Rabbi Dov Begun, 70, explained to Arutz-7 how he deals with family tragedies, another of which befell him this week. His toddler grandson Shilo Ariel Weinberger passed away after a difficult illness; nearly seven years ago, his son Ariel succumbed to kidney disease.

“Our sorrow is deep and great,” Rabbi Begun told Hizky Ezra, “but today, when we got up from the shiva mourning period, we decided that we must restrict our sadness, and that we must look ahead, despite what happened. We must go forward.”

The gentle, always smiling rabbi is widely identified with the Meir Institute (Machon Meir) that he founded for beginners in Judaism in the spirit of Rabbi Avraham Yitzchak Kook. He grew up in secular Kibbutz Mishmar HaSharon, together with his childhood friend Ehud Barak.

“I told my close family today," Rabbi Begun said, "that Rabbi Akiva said, ‘The world is judged in goodness.’ This statement seems to be self-contradictory: ‘judgment’ implies strict law, while ‘goodness’ implies the attribute of compassion. I explained that Rabbi Akiva’s greatness was that he was able to see the compassion even in the attribute of justice. I hope that we will be able to walk in his path, and to see the good in the attribute of law. We must bless G-d for the bad just as for the good, and we must know that all comes from G-d.”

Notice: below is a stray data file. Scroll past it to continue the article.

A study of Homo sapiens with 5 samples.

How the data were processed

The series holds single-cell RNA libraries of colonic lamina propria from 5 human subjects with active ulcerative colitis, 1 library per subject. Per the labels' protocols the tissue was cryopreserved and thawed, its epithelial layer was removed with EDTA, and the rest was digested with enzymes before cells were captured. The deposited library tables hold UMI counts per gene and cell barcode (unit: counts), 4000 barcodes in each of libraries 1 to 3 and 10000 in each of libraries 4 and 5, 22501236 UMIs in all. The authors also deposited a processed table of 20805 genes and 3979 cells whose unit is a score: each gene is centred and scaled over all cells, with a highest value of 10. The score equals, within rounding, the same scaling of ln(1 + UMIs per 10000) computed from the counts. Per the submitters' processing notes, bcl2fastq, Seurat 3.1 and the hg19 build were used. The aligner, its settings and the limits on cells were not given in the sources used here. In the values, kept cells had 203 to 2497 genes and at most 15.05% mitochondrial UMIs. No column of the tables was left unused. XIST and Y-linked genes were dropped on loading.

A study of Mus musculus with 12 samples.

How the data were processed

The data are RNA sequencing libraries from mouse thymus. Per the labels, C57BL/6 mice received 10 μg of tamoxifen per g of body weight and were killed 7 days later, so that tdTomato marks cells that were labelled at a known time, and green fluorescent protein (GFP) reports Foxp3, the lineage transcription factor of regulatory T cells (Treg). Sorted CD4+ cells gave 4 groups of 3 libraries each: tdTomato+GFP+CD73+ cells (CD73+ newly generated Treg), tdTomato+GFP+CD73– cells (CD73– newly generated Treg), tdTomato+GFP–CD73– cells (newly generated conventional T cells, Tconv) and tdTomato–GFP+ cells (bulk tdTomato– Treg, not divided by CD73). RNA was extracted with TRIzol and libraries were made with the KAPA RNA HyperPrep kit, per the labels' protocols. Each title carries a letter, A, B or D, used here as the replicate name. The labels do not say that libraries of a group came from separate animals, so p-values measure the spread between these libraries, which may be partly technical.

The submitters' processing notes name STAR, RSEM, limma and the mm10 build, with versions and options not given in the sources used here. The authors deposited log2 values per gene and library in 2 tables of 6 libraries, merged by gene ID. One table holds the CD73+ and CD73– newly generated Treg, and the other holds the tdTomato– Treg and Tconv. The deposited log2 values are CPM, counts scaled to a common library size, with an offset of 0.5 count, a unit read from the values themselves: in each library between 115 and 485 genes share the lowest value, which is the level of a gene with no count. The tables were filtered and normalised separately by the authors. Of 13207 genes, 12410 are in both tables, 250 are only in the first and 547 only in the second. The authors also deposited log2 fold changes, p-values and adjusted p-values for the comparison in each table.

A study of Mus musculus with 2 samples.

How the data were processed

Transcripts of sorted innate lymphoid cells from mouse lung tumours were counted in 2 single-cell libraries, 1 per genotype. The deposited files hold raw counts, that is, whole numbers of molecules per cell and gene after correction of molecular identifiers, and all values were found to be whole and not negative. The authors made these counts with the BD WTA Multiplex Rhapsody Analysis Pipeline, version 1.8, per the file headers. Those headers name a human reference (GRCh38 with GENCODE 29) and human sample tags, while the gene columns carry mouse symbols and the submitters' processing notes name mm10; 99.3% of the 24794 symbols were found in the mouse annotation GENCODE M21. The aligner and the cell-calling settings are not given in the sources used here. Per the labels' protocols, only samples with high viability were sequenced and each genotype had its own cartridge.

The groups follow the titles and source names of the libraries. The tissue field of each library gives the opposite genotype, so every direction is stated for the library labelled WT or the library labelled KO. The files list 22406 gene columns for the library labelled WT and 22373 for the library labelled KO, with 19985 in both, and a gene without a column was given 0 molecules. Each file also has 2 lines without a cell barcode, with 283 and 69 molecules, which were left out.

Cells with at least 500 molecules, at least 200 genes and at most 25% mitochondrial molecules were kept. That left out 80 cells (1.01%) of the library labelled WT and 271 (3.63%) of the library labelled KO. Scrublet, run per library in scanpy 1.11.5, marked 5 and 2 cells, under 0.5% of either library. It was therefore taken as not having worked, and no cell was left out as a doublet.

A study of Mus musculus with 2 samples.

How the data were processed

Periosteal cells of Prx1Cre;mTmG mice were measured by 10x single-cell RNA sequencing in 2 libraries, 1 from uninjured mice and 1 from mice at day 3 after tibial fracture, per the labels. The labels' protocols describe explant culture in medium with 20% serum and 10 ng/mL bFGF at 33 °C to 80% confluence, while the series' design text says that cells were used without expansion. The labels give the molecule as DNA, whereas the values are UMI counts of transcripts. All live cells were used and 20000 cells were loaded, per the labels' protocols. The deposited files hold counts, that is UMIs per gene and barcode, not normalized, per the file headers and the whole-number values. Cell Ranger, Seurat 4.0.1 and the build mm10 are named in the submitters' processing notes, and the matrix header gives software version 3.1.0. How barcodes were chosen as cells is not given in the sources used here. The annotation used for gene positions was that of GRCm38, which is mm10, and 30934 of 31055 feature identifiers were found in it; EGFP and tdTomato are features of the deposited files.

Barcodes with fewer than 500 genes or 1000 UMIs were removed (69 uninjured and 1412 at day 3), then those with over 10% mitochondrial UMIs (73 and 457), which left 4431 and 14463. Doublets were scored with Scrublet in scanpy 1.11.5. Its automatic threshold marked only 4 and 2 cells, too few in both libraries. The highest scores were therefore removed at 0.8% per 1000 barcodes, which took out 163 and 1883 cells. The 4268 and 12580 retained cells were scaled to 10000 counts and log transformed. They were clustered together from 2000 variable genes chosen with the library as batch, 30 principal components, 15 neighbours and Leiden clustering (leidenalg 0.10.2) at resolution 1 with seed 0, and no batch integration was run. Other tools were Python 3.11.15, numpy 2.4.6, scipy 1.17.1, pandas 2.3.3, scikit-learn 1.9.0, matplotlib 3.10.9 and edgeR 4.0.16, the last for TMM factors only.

After weeks in one of the more difficult wings of Hadassah Hospital, that of child oncology, “I can say that when you see all the dedication and love that goes on there, it’s just unbelievable. You see there all that is good in humanity.”

“Although the mourning was a family matter,” Rabbi Begun said, “we saw an amazing phenomenon of thousands of people in Israel and around the world praying for the little toddler Shilo Ariel. On behalf of my family, I want to thank all of them. It is incredible that the soul of a sweet two-and-a-half-year-old child whom we loved very much and who underwent not-simple sufferings – an understatement – merited thousands of people with the chance to pray, love, show kindness and the like.”

There is no question that Shilo Ariel, of blessed memory, had a special soul,” the rabbi concludes. “We believe in the Revival of the Dead, and with this we try and proceed forward. This is the way of the world. Let us pray that we hear only good tidings in the Nation of Israel.”